Federal Minister for Information and Law said Friday voting on the no-trust motion against Prime Minister Imran Khan could shift to next week.
In a historic judgment a day earlier, the Supreme Court of Pakistan had ordered National Assembly Speaker Asad Qasier to summon the session on Saturday (April 9) no later than 10:30am to allow the vote on the no-confidence motion against the premier.
The Supreme Court of Pakistan had also restored the National Assembly after it declared the government’s decision to dissolve the assembly and NA Deputy Speaker Qasim Suri’s ruling null and void and against the Constitution.
Contrary to the apex court’s orders, Fawad said the voting on the no-trust motion against Prime Minister could be shifted to the coming week instead of taking place today.
“We will not take much time, however, the foreign secretary will brief the house on threat letter before discussion on a vote of no trust,” said Fawad.
According to sources, despite the court’s orders, the PTI-led government has planned not to conduct voting on a no-confidence motion today.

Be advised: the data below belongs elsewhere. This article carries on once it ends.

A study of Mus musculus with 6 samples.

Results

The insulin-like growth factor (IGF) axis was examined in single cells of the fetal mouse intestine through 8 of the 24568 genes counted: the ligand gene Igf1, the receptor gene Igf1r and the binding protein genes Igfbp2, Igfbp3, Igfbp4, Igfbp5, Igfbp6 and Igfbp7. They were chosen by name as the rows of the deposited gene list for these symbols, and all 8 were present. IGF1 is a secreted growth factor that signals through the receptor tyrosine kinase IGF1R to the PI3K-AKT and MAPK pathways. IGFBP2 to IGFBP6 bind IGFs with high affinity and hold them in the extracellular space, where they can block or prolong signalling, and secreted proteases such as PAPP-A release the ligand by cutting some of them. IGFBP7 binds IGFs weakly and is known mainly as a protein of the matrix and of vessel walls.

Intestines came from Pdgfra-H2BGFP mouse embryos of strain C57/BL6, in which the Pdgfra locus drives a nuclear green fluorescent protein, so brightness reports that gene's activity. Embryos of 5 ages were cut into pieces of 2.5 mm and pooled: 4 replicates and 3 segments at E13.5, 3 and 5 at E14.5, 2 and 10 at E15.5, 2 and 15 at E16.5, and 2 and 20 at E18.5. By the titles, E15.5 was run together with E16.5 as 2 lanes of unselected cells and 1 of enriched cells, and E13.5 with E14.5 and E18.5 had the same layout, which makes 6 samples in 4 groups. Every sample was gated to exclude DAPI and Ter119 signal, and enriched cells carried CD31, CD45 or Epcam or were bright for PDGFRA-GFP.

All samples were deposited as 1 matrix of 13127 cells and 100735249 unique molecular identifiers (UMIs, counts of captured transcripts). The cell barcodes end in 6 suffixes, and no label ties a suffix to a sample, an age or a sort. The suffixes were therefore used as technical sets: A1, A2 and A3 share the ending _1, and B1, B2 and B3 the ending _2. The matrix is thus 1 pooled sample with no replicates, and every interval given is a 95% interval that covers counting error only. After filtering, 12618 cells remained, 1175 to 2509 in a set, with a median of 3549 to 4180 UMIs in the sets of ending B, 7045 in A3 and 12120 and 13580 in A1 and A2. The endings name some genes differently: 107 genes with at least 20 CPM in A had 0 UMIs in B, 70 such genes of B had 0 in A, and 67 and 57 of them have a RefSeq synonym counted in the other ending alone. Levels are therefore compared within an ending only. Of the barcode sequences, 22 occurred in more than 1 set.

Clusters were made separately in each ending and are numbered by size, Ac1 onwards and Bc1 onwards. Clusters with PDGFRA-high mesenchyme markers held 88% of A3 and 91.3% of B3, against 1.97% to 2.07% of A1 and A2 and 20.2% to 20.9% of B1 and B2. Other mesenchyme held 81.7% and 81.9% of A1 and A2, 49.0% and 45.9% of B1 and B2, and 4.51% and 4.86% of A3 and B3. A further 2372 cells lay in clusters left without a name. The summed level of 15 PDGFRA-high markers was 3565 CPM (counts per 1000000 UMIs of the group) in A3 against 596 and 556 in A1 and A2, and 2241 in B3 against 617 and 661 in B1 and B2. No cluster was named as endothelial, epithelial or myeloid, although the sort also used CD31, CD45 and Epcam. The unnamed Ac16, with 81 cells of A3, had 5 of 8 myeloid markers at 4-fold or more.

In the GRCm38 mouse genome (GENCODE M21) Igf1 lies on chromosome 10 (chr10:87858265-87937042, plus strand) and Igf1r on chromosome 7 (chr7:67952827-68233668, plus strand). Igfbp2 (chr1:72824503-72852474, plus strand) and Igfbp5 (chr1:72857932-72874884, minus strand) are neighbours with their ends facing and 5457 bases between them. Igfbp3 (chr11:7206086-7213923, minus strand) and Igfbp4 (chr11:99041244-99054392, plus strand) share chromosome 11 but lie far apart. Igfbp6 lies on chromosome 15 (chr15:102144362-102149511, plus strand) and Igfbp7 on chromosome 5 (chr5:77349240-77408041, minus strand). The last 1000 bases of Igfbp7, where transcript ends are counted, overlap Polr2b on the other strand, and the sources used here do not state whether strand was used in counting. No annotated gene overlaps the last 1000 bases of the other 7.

They added that PTI’s members of the Parliament have been directed to hold “long debates during the NA session,” so the voting can be “avoided due to a shortage of time.”
On the other hand, the National Assembly secretariat urged members that the voting on the no-trust motion against PM Imran Khan must be conducted today, otherwise, the speaker can be charged with contempt of court.
In the NA’s six-point agenda issued Friday, voting on the no-confidence motion is at the fourth position.
PTI’s political committee proposes en masse resignations
The ruling PTI’s political committee, a day prior, had suggested that the party should hand down en masse resignations from the legislatures in the Centre, Punjab, and Khyber Pakhtunkhwa, sources privy to the matter said.
The suggestion came during the meeting of PTI’s political committee chaired by Prime Minister Imran Khan.
Sources said that the meeting discussed the current political situation in the country and held consultations on whether to make the alleged foreign plot in the “threat letter” public.
As per sources, committee members presented suggestions regarding the matter in light of the Secrets Act and judicial orders.
The committee suggested making the “threat letter” public, saying that since there is pressure from the public, a decision should be made through thoughtful consideration.